Patterns in Vogue: Rebecca Lobo

Rebecca Lobo photographed in evening gown with basketball by Michel Comte
Rebecca Lobo photographed by Michel Comte, Vogue, November 1997.

In 1997, Michel Comte photographed pro basketball player Rebecca Lobo for Vogue magazine in an evening dress made from a Vogue pattern. The American Women’s National Basketball Association (WNBA) had had its first game earlier that year, and the New York Liberty forward was featured in a health and beauty portfolio, “Women on the Verge,” on six women in the public eye.

Vogue Nov 1997 Rebecca Lobo photographed by Michel Comte
Rebecca Lobo, Vogue, November 1997. Photo: Michel Comte.

The caption reads: “Rebecca Lobo, forward for the New York Liberty, former college basketball star, and Olympic gold medalist, is too tall (six feet four) for off-the-rack women’s clothes and too stylish to be relegated to baggy unisex sweatsuits. Her solution: a custom-made wardrobe. Here, satin evening gown from Vogue Pattern #9400.”

Lobo’s bias evening gown is view C of Vogue 9400 from 1995, made up in silk crepe-backed satin:

Vogue 9400 pattern - In This Issue, Vogue, November 1997
Vogue 9400, In This Issue, Vogue, November 1997.

Lobo appeared in the same issue as my previous Patterns in Vogue post—apparently the last issue to feature sewing patterns.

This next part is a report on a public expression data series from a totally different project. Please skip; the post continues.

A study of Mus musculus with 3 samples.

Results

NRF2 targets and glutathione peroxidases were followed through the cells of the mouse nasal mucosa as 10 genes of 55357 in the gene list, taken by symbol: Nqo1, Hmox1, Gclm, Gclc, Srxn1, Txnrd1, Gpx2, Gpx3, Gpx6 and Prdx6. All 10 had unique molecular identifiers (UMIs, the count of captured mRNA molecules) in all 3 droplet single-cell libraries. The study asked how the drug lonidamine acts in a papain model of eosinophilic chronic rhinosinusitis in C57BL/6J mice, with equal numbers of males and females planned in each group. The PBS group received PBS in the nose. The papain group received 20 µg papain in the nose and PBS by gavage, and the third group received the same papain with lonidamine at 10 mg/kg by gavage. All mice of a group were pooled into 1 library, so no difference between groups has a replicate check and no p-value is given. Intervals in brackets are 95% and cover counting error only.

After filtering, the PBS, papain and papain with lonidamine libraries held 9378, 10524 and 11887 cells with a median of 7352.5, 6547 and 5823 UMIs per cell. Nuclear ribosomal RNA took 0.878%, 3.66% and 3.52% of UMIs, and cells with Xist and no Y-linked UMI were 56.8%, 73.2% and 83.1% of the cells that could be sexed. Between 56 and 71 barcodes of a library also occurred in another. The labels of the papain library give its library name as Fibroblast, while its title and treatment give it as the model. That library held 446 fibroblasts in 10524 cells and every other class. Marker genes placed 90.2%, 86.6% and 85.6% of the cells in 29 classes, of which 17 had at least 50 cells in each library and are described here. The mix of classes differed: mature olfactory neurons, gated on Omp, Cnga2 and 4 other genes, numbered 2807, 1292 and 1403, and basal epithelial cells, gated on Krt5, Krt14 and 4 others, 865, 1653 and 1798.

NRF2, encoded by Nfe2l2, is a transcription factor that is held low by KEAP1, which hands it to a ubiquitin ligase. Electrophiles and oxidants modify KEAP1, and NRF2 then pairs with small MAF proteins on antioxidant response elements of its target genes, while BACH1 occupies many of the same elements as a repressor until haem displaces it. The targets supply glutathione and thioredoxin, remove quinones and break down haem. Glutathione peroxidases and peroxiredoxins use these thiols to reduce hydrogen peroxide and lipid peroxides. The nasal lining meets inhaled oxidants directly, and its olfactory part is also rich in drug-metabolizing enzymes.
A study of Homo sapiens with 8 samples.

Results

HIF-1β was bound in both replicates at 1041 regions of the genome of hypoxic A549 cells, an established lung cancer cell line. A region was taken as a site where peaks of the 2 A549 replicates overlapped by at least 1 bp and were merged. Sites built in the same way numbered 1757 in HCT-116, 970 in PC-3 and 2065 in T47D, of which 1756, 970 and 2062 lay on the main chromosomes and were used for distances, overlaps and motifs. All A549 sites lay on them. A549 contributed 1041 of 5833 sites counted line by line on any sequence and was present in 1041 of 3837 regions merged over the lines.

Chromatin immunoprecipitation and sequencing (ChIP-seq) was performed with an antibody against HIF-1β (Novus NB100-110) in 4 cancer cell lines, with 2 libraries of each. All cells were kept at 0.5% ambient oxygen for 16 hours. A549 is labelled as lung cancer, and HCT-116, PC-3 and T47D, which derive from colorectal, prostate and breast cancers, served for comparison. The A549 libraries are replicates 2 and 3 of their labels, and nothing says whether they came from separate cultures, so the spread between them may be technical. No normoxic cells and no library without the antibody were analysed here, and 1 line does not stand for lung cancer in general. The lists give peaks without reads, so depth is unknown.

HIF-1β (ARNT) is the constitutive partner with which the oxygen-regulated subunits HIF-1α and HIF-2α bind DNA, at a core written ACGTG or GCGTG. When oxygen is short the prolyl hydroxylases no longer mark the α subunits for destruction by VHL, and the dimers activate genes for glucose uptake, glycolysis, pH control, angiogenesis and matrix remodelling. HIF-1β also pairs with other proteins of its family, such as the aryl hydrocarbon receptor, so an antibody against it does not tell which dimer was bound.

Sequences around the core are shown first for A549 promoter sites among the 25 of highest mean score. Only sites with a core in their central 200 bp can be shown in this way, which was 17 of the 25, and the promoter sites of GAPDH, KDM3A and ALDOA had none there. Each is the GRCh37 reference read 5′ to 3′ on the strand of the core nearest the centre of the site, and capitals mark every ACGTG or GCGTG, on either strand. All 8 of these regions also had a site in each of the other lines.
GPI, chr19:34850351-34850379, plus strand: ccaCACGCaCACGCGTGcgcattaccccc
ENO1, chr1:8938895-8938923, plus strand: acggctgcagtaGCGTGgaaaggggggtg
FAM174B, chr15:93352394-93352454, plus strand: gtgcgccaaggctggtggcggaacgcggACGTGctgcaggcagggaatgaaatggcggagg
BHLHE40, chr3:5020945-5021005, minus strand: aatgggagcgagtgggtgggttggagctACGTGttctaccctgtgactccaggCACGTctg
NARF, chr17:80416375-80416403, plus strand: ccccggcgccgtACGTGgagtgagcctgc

2 thoughts on “Patterns in Vogue: Rebecca Lobo

  1. It’s interesting that the gown modeled doesn’t quite match the front and back view technical drawings. It seems that Vogue magazine has tweaked, if not drastically changed, the pattern to suit their editorial vision, as they had with some of the patterns in your previous posts on Vogue patterns in Vogue magazine.
    I like seeing patterns utilized for a fashion shoot, and I think most sewers have always tweaked or customized patterns to suit their fashion tastes and to suit their bodies, but apart from altering lengths or perhaps eliminating sleeves or pockets I think that changing the patterns too much for an editorial is not really in the spirit of promoting the patterns for their original designs. I wonder how the pattern companies would have felt about it?

    1. I, too, noticed that the dress does not match the pattern view, to the extent that it could be a completely different pattern. If I were a reader who made a trip to the store to buy this pattern, I would have been very frustrated.